Ohio Lt. Governor Jon Husted joined the United Health Foundation and Lighthouse Youth and Family Services to gift a grant to expand behavioral and physical health services in the area. April 10, 2019
Lighthouse YFS
Ohio Lt. Governor Jon Husted joined the United Health Foundation and Lighthouse Youth and Family Services to gift a grant to expand behavioral and physical health services in the area.

Cincinnati homeless numbers show nearly 40 percent of homeless people in Hamilton County are under the age of 25. Now, thanks to a grant from the United Health Foundation (UHF), one Miami Valley organization hopes to more quickly connect young people in crisis to the services they need to get better and get on their feet.

The Cincinnati-based Lighthouse Youth and Family Services group currently provides assistance to more than 5,000 young people who are homeless, caught up in the juvenile justice system, or living in other so-called crisis situations.

The group offers mental health, psychiatric and other home-based programs.

In the past, Lighthouse organizers say the time it took to assess new client and move them into the right program often meant delaying help - potentially adding to an already traumatic situation and putting them at further risk.

Lighthouse President and CEO, Paul Haffner, says an influx of additional funding from UHF will help expand services across the Miami Valley and connect more at-risk young people to the help they need more quickly.

“You used to have to set up an appointment and come visit us in our headquarters building in the city in an urban area. And now we're meeting our clients where they are whether that's at home in school out in the community or any other place where they might be. So it really expands access to services for the young people and the families and reduces those barriers of office hours transportation job issues for mom or dad or foster parent. It's something that I think will expand and is good for all of Ohio.”

Lighthouse officials say there is still more data that underscores the importance of their mission, and the potential impact of the $840,000 grant from the United Health Foundation - an arm of United Health Group, a global healthcare service agency.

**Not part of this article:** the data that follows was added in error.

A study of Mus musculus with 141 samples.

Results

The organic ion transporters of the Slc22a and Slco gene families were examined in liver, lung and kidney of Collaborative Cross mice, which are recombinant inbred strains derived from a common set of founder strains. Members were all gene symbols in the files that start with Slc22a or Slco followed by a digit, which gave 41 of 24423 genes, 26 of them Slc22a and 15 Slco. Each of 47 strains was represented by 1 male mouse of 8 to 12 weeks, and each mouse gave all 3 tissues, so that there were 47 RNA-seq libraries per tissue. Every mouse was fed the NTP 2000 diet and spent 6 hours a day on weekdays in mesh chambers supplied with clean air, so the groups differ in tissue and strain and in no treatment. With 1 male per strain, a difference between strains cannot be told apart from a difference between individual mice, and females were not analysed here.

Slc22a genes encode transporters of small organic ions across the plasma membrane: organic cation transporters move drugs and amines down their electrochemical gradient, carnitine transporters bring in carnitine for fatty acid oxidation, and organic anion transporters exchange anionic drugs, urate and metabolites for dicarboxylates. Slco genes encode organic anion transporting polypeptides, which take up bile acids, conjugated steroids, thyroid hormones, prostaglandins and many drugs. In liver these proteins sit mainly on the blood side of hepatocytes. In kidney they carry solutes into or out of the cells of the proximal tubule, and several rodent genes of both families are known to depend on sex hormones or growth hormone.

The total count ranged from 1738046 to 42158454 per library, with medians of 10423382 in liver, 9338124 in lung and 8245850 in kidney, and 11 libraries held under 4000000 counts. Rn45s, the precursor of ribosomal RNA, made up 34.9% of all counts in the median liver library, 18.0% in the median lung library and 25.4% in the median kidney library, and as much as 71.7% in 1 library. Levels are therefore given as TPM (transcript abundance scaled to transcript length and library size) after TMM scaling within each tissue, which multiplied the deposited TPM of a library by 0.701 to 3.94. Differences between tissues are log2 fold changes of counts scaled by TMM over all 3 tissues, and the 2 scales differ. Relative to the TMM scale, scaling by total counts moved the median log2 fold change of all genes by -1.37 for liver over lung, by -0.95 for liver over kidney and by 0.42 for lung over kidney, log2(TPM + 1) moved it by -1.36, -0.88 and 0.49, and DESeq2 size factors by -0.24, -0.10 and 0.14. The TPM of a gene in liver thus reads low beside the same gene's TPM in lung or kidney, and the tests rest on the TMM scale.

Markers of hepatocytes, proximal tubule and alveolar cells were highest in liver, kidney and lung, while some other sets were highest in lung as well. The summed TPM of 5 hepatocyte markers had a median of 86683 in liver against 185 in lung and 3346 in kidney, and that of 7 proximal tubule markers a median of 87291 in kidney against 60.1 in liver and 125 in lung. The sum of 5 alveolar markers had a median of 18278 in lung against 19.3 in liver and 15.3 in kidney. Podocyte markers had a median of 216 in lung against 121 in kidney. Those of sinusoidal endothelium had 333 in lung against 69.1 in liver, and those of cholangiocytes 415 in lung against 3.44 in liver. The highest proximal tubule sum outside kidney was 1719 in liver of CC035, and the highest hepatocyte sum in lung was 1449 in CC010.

The data, according to Lighthouse, shows that “in 2018 there were 598 unduplicated homeless individuals ages 18-24 in Hamilton County, 75 percent of whom were minorities, 8 percent of whom were LGBTQ, and 10 percent of whom were parents of young children.” And “on any given night in 2018, between 63 and 108 children and young adults were unaccompanied (without their family) and experiencing homelessness.”


The new funding will enable Lighthouse YFS to operate mobile team-units to more quickly reach clients in the Cincinnati-Hamilton area. They also hope to expand the mobile units into Montgomery and Ross counties.


UnitedHealthcare Community & State CEO, Heather Cianfrocco, also serves on the UHF board and says the services Lighthouse is providing in southwest Ohio, fit well with their mission to improve health care access and outcomes for children in Ohio.

“The work that lighthouse is doing to transition individuals out of homelessness into stability is a large part of that [mission] because we know that individuals are healthier when they have stable environments and their essential needs are taken care of,” she says. “Our grant was really to help lighthouse do great work they're already doing in helping individuals get assessed and get access to behavioral health and medical services. Our grant was to speed up that process, reduce the time from intake into the system to assessment and to receiving care.”

While the grant from UHF moves the healthcare ball forward for youth in crisis in Cincinnati, Paul Haffner says his organization is tackling other big issues as well.

“We don't go above age 24 [years of age], but a lot of affordable housing issues impact our young family members who might be displaced due to an eviction or due to losing their home. Transportation issues are particularly acute in Cincinnati and I'm sure they are as well in the Greater Dayton area. We have to find a way to have affordable housing in our urban core, or near the core. We have to have a way for people to get the jobs, for people to get the doctor's appointments or for us to get to them. So, it's [also] affordable housing and transportation that we're very focused on as policy issues here in Hamilton County as well as Dayton.”

It’s into Dayton and also Ross county that Lighthouse Youth and Family Services hopes to expand the mobile units funded by UHF next.


Check out the full interview with Lighthouse President and CEO, Paul Haffner and UnitedHealthcare Community & State CEO, Heather Cianfrocco to hear more about their missions and the state of youth healthcare and homelessness in Ohio.

Jerry Kenney was introduced to WYSO by a friend and within a year of first tuning in became an avid listener and supporter. He began volunteering at the station in 1991 and began hosting Alpha Rhythms in February of 1992. Jerry joined the WYSO staff in 2007 as a host of All Things Considered and soon transitioned into hosting Morning Edition. In addition to now hosting All Things Considered, Jerry is the host and producer of WYSO Weekend, WYSO's weekly news and arts magazine. He has also produced several radio dramas for WYSO in collaboration with local theater companies. Jerry has won several Ohio AP awards as well as an award from PRINDI for his work with the WYSO news department. Jerry says that the best part of his job is being able to talk to people in the community and share their experiences with WYSO listeners.